Business & Entrepreneurship

Women currently make up 15 percent of corporate management, 16 percent of law partners, and less than 3 percent of Fortune 500 CEOs. NCRW and its partners are working to improve these numbers as they work toward a critical mass, often viewed as 30 percent representation, across sectors to benefit the economy and society through women’s talents and perspectives. Without sufficient numbers, women’s ideas, views and analyses risk being marginalized or perceived as representing a narrow minority. With greater access to opportunities and positions of influence, the likelihood of acceptance and professional success for women and people of color increases.

Re:Gender Resources

Member Organizations

Resources

Blog Posts

By Rosa Cho, Writer & Researcher                              ...
Since 1960, when women only accounted for 39 percent of the undergraduate population, women’s relative numbers in college have steadily...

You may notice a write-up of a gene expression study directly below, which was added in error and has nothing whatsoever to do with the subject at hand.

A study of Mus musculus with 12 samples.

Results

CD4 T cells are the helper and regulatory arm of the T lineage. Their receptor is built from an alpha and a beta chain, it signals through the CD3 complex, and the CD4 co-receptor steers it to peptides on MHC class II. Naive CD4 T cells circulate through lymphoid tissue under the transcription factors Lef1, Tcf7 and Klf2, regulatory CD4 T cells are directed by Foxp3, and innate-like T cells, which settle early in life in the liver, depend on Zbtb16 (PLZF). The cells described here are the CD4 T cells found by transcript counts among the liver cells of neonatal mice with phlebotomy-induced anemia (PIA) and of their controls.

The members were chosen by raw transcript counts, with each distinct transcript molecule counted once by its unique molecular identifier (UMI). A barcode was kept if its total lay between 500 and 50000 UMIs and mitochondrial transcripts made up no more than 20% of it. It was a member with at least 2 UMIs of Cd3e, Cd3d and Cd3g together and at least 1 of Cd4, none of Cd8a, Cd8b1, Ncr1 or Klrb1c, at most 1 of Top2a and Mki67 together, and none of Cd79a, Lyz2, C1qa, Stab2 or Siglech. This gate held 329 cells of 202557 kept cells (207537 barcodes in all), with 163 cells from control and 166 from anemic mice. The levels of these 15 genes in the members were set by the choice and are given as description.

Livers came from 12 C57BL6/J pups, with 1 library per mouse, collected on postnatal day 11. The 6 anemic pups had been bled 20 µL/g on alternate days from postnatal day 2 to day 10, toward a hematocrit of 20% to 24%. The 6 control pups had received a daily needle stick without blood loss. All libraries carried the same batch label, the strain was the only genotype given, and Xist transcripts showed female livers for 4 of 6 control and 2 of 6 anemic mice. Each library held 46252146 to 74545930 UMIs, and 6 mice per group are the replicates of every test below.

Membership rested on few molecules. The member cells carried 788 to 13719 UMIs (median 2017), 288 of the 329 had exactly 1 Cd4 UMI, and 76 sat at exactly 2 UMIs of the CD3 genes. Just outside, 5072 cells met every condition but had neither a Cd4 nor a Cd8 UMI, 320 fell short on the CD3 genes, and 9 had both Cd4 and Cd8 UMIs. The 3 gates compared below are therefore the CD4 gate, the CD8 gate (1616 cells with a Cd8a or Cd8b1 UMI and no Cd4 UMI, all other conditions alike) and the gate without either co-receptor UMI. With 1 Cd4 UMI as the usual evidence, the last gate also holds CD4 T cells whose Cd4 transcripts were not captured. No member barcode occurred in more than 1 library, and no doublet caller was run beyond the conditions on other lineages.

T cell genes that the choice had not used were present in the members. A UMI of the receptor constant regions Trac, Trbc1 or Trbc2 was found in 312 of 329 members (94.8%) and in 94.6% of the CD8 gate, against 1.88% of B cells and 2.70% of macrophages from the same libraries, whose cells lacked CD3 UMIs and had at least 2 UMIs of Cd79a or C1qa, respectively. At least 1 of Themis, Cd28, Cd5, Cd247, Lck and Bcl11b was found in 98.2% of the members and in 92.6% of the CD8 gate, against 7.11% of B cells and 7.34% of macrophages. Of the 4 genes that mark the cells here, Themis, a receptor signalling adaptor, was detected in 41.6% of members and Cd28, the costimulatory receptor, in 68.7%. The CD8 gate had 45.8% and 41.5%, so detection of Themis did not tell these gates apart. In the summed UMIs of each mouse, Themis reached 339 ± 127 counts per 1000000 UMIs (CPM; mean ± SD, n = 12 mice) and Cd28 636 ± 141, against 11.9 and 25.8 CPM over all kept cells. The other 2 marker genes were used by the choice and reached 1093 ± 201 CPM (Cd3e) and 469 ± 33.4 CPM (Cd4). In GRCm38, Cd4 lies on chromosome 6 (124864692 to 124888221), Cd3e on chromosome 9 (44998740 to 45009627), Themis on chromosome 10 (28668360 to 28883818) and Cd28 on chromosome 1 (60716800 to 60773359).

Is there a true need or preference for more women in leadership positions?
Our Listening Tour continued this week with a visit to the Center for Research on Women (CROW) at The University of Memphis and some...
A study in January 2012 Chronicle of Philanthropy found 82% of nonprofit employees would seek new employment if the economy were better.  Where...

News

  • April 18, 2012

     A new CNN/ORC International poll shows that most Americans now think the number of women in the workplace is a good thing for children of working mothers, which is a significant change from attitudes on that topic in the 1980s and...


  • April 17, 2012

     Guest post by Sandra Fluke encouraging an end to the gender pay gap.


  • April 17, 2012

    Recent Census data indicates that women earn 77 cents on the dollar compared to men--but for women of color, that wage gap is even higher.


  • April 9, 2012

     In Tech Crunch, Eileen Burbidge asks IBM CEO Virginia Rometty “Why have you not pulled your company’s sponsorship?” from the U.S. Masters.


  • April 9, 2012

    Virginia Rometty appeared at the U.S. Masters golf tournament in a pink jacket, not the green associated with membership in the male-only Augusta National typically bestowed on IBM CEOs, the AP reports.